488 F2d 1079 United States v. Rector

488 F.2d 1079

UNITED STATES of America, Plaintiff-Appellee,
William Gus RECTOR, Defendant-Appellant.

No. 73-2806 Summary Calendar.*

United States Court of Appeals,
Fifth Circuit.

Dec. 18, 1973.

Murray L. Williams, Water Valley, Miss. (court-appointed), for defendant-appellant.

H. M. Ray, U. S. Atty., Alfred E. More-Attys., Oxford, Miss., for plaintiff-appellee.

Before JOHN R. BROWN, Chief Judge, and DYER and SIMPSON, Circuit Judges.




The two grounds of error asserted on appeal are (1) that the evidence was insufficient to sustain conviction and that Rector's motion for judgment of acquittal as to each count should have been granted by the trial court, or in the alternative, his motion for new trial should have been granted below; and (2) that the trial court committed prejudicial error in instructing the jury upon the government's request as to the permissible inferences to be drawn from appellant's presence at the still site.


As to the first contention, our review of the record convinces us that the evidence produced by the government,2 together with the permissible reasonable inferences therefrom, viewed in the light most favorable to the government, Glasser v. United States, 1942, 315 U.S. 60, 80, 62 S.Ct. 457, 469, 86 L.Ed. 680, 704, amply sufficed to take the case to the jury and to support the verdict of guilty as to each count.3


The appellant fares no better under the second point raised. The able district judge was careful to limit his instruction as to the inference permitted to be drawn from unexplained presence at the still (based on Title 26, U.S.C. Sec. 5601(b)(2)) to Count Three, the charge of carrying on the business of a distiller without giving bond, and aiding and abetting in the same, Title 26, U.S. C. Sec. 5601(a)(4), as approved by United States v. Gainey, 1965, 380 U.S. 63, 69-70, 85 S.Ct. 754, 757-758, 13 L. Ed.2d 658, 662-663 without alluding to the statutory inference from presence alone under Title 26, U.S.C. Sec. 5601(b)(1) with reference to possession of an unregistered distillery, Title 26, U. S.C. Sec. 5601(a)(1).4 In United States v. Brookins, 5 Cir. 1970, 434 F.2d 41, cert. denied, 1971, 401 U.S. 912, 91 S.Ct. 880, 27 L.Ed.2d 811, we pointed out the distinction between the constitutionality of the inference under Title 26, Sec. 5601(b)(2) and the unconstitutionality of the inference permitted to be drawn from mere presence authorized in a prosecution under Title 26, U.S.C. Sec. 5601(a)(1) by the provisions of Title 26, U.S.C. Sec. 5601(b)(1). The distinction is apparently overlooked by appellant in his discussion on brief. At any rate, it is not alluded to. As we indicated in Brookins, supra, it is critical, and it is fatal to appellant's position here.




Rule 18, 5 Cir.; See Isbell Enterprises, Inc. v. Citizens Casualty Company of New York et al., 5 Cir. 1970, 431 F.2d 409, Part I


Count One charged Rector and two others, Surrett and Thompson with conspiracy, Title 18 U.S.C. Sec. 371, to violate Sec. 5601(a)(1), 5601(a)(4), 5601(a)(7), 5601(a) (12), 5602, 5604(a)(1) and 7206(4) of Title 26, and alleged 9 overt acts committed in furtherance of the conspiracy, 6 of them by Rector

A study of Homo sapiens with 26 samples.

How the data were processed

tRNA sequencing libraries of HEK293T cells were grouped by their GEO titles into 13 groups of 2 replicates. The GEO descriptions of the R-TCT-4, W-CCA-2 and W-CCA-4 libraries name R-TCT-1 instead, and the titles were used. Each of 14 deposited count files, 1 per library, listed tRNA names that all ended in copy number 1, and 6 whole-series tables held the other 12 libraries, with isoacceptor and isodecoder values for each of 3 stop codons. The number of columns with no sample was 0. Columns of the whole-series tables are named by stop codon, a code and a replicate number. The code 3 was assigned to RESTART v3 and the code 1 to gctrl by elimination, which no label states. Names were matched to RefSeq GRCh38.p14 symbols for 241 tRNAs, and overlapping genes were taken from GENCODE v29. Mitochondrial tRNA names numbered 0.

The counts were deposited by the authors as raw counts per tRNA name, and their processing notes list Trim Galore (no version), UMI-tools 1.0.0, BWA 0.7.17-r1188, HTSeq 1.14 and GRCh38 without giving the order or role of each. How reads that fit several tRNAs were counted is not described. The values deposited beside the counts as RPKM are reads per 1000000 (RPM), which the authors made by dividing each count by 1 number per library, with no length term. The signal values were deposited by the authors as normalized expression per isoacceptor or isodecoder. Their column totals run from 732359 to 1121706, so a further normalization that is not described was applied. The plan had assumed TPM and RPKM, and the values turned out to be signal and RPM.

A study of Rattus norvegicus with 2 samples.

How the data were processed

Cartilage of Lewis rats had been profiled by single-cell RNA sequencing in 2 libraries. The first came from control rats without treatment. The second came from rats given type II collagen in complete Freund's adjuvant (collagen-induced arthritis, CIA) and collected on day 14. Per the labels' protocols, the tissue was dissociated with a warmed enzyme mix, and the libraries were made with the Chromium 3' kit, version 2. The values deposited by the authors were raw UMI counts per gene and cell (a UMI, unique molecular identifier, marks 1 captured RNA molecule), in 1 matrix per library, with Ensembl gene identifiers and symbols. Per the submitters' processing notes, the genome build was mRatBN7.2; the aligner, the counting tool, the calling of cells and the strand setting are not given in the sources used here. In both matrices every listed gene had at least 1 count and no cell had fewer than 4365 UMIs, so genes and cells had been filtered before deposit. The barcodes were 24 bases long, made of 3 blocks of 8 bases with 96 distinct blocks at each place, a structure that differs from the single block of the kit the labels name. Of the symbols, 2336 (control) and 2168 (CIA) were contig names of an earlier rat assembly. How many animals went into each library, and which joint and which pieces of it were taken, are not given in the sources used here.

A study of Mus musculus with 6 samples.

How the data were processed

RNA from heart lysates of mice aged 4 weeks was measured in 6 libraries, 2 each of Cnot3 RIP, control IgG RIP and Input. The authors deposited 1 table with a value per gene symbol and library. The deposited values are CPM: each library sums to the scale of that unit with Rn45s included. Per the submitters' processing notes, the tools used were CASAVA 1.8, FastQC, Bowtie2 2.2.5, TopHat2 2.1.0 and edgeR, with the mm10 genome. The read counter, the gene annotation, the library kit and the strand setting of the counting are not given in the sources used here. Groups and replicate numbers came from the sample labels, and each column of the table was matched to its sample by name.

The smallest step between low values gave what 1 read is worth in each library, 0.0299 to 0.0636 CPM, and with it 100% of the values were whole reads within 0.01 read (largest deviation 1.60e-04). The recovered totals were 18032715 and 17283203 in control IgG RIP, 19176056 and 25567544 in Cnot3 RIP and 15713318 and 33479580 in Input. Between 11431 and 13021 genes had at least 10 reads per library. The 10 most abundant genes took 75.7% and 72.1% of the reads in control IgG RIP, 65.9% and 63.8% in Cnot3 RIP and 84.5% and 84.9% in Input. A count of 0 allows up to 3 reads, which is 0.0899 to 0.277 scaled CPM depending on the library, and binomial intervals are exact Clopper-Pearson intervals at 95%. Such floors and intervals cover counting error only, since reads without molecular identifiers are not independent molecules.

Counts Two through Five were substantive counts: Count Two charged Rector and Thompson with possession, aided and abetted by each other, of an unregistered, set-up distillery, Title 26, Sec. 5601(a)(1) and Title 18 U.S.C. Sec. 2; Count Three charged Rector, Thompson and Surrett, aided and abetted by each other, with carrying on the business of a distiller without having given bond as required by law, Title 26 U.S.C. Sec. 5601(a)(4), and Title 18 U.S.C. Sec. 2; Count Four charged Rector and Thompson, aided and abetted by each other, with making and fermenting 5100 gallons mash fit for distillation into distilled spirits on premises other than those of an authorized distillery, Title 26 U.S.C. Sec. 5601(a)(7) and Title 18 U.S.C. Sec. 2; and Count Five charged Rector, Thompson and Surrett, aided and abetted by each other, with unlawful possession of 446 gallons of non-tax paid distilled spirits, Title 26 U.S.C. 5601(a)(4) and Title 18 U.S.C. Sec. 2.



Since the trial judge sentenced Rector to five concurrent 3 year terms of confinement, the conviction is sustainable under the concurrent sentence doctrine, see e. g. United States v. Vigo, 5 Cir. 1970, 435 F.2d 1347 provided the evidence was sufficient to support the conviction as to any single count. As we note in the text, we think the guilty verdict was proper under each count


The instruction given by the trial judge was:

"Whenever a defendant is shown to have been at the site or place where and at the time when, the business of a distiller or rectifier was so engaged in or carried on, such presence is a circumstance from which the jury may infer that the person or persons present were carrying on the business of a distiller without having given bond as required by law, unless the evidence in the case provides a satisfactory explanation for the defendant's presence at the still and such presence shall be deemed sufficient evidence to authorize conviction unless such presence is explained to the satisfaction of the jury.

This does not mean that the presence of a defendant at the site and place at the time referred to required the jury to convict a defendant, if the evidence in the case, facts and circumstances proved, fails to explain a defendant's presence to the satisfaction of the jury. It simply means that a jury may, if it sees fit, convict upon such evidence, as it shall be sufficient to authorize a conviction, but does not require such a result."